Living as I do by the rhythm of the academic calendar, I’m used to the feeling of cycles. Parents of school age children understand this. Every fall marks a new beginning, and every spring an ending, punctuated by summer vacation. For me, every September brings the hello of a new crop of students, each with a story to tell; every June brings a goodbye, as a previous group moves on to the next chapter of their lives.
Thus I think more in terms of the September to June academic year than the January to December calendar year. But that’s not to say that, for me at least, 2014 didn’t have its own uniqueness: the joy of officiating four weddings; the sadness of watching my son and daughter-in-law move out of state; the all-consuming passion of starting and finishing the writing of a new book; the challenge of new health problems.
Then comes this day, January 1st, with its tradition of marking and celebrating the beginning of a new year, with the attendant sense of hope and possibility.
Here on the blog, I’ve been writing a lot about resurrection lately, as I work my way through 1 Corinthians 15 on Sunday mornings. For Christians, there is no better symbol of hope and newness than the new life we will enjoy, when, to quote Paul, “this perishable body puts on imperishability, and this mortal body puts on immortality” (1 Cor 15:54, NRSV) — the body that decays and dies must put on, like a garment, a new body in the likeness of our resurrected Lord.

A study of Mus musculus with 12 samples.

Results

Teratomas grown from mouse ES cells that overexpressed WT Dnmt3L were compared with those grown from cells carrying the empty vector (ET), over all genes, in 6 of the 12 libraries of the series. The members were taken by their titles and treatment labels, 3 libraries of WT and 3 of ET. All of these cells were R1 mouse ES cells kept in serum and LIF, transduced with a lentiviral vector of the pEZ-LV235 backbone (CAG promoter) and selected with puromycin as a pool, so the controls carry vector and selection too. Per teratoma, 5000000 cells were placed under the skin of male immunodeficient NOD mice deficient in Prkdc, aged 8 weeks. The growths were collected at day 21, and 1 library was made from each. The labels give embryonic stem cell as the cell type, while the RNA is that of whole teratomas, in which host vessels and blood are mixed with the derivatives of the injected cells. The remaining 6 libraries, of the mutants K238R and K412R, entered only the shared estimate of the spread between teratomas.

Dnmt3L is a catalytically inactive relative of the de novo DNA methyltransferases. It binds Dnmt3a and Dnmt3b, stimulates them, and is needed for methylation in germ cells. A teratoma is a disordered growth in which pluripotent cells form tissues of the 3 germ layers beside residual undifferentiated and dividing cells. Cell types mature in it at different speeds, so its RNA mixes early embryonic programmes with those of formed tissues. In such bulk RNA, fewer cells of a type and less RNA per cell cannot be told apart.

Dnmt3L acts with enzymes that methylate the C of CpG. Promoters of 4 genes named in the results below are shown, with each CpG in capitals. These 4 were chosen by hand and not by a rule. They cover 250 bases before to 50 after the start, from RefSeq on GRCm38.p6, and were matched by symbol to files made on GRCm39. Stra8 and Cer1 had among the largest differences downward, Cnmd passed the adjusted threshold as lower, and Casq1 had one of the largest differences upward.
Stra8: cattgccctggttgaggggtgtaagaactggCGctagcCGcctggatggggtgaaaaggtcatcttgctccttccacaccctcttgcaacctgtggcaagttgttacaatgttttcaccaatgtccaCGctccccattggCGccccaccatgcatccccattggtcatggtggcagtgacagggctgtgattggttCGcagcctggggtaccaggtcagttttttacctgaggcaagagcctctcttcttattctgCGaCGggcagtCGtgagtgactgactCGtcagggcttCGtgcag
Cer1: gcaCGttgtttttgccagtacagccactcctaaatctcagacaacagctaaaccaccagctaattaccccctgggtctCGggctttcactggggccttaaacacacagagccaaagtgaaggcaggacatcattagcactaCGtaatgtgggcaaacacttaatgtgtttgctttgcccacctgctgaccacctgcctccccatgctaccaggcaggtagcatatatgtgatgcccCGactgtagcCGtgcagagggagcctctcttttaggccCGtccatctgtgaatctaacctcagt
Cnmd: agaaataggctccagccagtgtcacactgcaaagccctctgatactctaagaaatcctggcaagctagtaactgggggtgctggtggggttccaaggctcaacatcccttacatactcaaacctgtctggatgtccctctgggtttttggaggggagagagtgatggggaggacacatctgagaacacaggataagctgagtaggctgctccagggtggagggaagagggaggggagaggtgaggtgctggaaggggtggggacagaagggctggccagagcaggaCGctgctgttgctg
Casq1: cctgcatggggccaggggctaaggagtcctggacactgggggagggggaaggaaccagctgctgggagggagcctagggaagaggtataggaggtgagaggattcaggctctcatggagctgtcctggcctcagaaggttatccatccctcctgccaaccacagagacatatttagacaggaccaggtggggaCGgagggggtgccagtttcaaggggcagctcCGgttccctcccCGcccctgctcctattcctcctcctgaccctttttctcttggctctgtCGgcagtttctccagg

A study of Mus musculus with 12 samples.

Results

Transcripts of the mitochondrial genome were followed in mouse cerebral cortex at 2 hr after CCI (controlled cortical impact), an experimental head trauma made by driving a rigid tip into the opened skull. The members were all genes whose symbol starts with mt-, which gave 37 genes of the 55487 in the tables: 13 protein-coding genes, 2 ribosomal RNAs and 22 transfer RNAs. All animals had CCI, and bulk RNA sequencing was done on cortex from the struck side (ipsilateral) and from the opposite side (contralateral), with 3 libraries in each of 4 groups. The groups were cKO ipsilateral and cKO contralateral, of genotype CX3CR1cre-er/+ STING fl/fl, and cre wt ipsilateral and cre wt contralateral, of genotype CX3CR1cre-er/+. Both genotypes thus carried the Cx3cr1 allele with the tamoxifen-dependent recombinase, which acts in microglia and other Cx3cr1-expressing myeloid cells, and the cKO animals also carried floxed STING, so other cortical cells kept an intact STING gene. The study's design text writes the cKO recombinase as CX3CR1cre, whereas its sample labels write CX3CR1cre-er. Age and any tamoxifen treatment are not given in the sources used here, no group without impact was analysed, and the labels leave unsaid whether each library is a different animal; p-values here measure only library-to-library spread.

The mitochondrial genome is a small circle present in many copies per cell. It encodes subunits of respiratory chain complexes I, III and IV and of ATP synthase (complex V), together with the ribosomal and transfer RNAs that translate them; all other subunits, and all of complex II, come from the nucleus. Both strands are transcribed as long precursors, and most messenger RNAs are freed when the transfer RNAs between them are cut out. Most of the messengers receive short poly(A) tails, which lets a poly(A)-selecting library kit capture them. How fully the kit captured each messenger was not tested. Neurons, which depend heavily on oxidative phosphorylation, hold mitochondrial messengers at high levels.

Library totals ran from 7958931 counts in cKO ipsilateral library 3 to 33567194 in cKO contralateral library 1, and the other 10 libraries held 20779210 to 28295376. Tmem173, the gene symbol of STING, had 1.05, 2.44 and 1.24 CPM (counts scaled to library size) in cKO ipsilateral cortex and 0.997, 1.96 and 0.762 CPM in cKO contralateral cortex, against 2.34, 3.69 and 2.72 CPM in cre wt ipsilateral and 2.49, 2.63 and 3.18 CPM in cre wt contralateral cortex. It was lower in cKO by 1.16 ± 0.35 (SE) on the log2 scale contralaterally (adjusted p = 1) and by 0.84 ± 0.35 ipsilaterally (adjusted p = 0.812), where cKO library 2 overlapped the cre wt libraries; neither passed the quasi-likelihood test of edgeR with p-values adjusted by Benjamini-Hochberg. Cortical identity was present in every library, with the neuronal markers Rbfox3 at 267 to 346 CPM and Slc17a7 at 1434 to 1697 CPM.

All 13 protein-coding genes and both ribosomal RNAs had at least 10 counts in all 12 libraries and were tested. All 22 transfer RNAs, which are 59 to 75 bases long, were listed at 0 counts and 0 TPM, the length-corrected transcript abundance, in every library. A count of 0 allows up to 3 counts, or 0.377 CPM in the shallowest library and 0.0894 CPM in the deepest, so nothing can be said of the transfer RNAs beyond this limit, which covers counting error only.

But it’s important to remember that for Paul, this is never just about our future life, but the present one. In Ephesians, Paul teaches that we are to clothe ourselves with newness (2:24), which means a concrete change in attitude and conduct toward one another (vss. 25-32). He makes a similar point in Colossians: clothing ourselves in newness (3:10) means putting on compassion, kindness, humility, gentleness, patience, forgiveness, love, and gratitude (vss. 12-15).
And for Paul, all of this is because we have a sense that time is moving on, and God’s story is nearing its climax:
Now our salvation is nearer than when we first had faith. The night is almost over, and the day is near. So let’s get rid of the actions that belong to the darkness and put on the weapons of light. Let’s behave appropriately as people who live in the day, not in partying and getting drunk, not in sleeping around and obscene behavior, not in fighting and obsession. Instead, dress yourself with the Lord Jesus Christ, and don’t plan to indulge your selfish desires. (Rom 13:11-14, CEB)
This isn’t about predicting some kind of timetable for Jesus’ return; it’s about always living in anticipation of that event, whenever it happens, and wanting to be properly dressed for the occasion. We will eventually be given the unimaginable blessing of clothing ourselves with a resurrection body — but through the very Spirit of Christ, we are to clothe ourselves with new life in Jesus Christ now.
For Christians, whatever the cycle of the years may bring, this is where newness is truly found, each and every year: “if anyone is in Christ, that person is part of the new creation. The old things have gone away, and look, new things have arrived” (2 Cor 5:17, CEB).
May we know and live the reality of that newness in 2015, whatever our hopes for the new year.